Raising Awareness of Alcohol Abuse
While the potential harm caused by alcohol abuse is well-documented, there is no denying that alcoholism continues to destroy lives in our own community and across the country. Because this is such a prevalent issue, we feel that it is best to review some key facts regarding alcohol misuse.
Alcoholism is a chronic disease that occurs as a result of genetic and environmental factors. It harms decision making and results in impulsive behavior, making it extremely difficult for an individual to stop using alcohol. A person is typically determined to have developed an addiction when their alcohol consumption causes them to fail to meet their basic responsibilities at home, school, or work.
Alcoholism often occurs as someone develops a rising tolerance to alcohol, drinks to relieve stress, or drinks in secret. As alcohol abuse worsens, drinking becomes the individual’s biggest priority in life, and they will neglect other responsibilities to drink. Appetite changes, insomnia, depression, gastrointestinal problems, and memory loss are also common side effects.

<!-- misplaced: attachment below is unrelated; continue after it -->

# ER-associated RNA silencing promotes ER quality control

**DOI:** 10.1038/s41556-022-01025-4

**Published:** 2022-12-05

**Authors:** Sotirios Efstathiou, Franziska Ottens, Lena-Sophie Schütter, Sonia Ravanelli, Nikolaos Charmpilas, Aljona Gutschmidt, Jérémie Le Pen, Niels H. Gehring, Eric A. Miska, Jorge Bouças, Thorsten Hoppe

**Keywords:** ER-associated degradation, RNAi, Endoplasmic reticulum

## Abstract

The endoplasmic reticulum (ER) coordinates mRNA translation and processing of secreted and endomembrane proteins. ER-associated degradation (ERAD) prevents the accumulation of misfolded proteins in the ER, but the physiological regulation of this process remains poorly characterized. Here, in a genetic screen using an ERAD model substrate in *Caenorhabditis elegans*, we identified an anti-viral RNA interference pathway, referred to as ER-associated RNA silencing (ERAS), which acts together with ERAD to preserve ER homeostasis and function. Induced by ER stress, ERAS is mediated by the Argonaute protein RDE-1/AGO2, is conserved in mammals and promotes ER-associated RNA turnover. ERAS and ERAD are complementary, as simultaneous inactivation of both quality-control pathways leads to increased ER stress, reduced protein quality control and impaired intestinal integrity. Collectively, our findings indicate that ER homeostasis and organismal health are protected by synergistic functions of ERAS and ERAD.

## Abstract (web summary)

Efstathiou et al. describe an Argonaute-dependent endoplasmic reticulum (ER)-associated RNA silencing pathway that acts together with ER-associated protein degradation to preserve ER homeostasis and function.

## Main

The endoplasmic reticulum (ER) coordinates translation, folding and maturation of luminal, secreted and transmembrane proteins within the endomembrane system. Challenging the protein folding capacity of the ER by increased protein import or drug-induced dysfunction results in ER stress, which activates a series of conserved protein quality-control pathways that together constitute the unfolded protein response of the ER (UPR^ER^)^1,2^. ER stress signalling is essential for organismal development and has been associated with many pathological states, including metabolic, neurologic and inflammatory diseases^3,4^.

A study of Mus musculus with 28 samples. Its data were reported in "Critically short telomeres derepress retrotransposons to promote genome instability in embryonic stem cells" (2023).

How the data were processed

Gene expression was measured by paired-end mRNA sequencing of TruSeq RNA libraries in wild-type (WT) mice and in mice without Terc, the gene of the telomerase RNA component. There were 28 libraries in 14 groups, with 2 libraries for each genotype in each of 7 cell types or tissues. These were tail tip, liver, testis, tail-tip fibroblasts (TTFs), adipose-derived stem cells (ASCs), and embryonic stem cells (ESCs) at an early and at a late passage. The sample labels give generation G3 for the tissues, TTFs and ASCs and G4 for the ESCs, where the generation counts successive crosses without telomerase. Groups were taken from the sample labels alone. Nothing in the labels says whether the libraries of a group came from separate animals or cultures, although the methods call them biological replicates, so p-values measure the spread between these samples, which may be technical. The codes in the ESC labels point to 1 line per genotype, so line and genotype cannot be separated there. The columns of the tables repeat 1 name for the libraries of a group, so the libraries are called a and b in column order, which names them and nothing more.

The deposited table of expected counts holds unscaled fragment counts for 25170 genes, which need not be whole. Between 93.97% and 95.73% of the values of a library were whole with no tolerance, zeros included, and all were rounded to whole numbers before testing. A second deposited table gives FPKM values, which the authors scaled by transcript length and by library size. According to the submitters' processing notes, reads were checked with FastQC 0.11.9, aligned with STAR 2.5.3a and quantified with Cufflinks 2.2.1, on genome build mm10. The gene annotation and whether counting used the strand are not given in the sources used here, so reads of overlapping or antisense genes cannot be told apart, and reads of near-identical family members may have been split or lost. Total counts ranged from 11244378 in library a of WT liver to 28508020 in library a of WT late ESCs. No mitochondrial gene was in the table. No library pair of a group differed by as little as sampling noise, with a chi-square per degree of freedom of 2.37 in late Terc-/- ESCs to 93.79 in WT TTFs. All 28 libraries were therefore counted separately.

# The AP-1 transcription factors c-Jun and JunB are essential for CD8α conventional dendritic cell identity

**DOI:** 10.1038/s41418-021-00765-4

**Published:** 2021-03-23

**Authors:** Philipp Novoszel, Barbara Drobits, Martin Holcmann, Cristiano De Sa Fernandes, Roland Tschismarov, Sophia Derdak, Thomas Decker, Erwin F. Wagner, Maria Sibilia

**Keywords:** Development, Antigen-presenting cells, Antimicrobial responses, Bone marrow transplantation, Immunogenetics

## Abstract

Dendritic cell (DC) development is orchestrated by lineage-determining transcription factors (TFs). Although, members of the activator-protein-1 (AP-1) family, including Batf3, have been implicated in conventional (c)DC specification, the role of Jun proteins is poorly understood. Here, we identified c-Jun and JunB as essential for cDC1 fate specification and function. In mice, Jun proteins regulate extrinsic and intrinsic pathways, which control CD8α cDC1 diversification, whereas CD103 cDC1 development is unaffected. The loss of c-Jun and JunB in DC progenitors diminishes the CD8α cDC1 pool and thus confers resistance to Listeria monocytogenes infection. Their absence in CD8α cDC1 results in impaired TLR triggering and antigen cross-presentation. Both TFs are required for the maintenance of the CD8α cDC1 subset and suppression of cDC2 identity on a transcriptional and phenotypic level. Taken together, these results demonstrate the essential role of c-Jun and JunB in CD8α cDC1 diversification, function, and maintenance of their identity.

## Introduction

The Effects of Binge Drinking
Binge drinking — or consuming excessive amounts of alcohol in a short period — is commonly associated with college students but can be a serious problem at any age. As your blood alcohol content rises, your heart rate and breathing rate drop. You could even lose consciousness. People have entered comas or died after choking on their vomit as a result of binge drinking.
Even if you don’t experience a medical emergency, the long-term effects of binge drinking are also quite dire. Excessive alcohol consumption has been linked to liver disease, stroke, chronic pancreatitis, and brain disorders. It can even contribute to cancer.
While alcohol abuse can have serious consequences, it can be overcome. Here at OneEighty, we are committed to helping community members overcome addiction so they can get back on their feet and take control of their lives. If you or someone you know needs help with alcohol abuse please call 330.264.8498.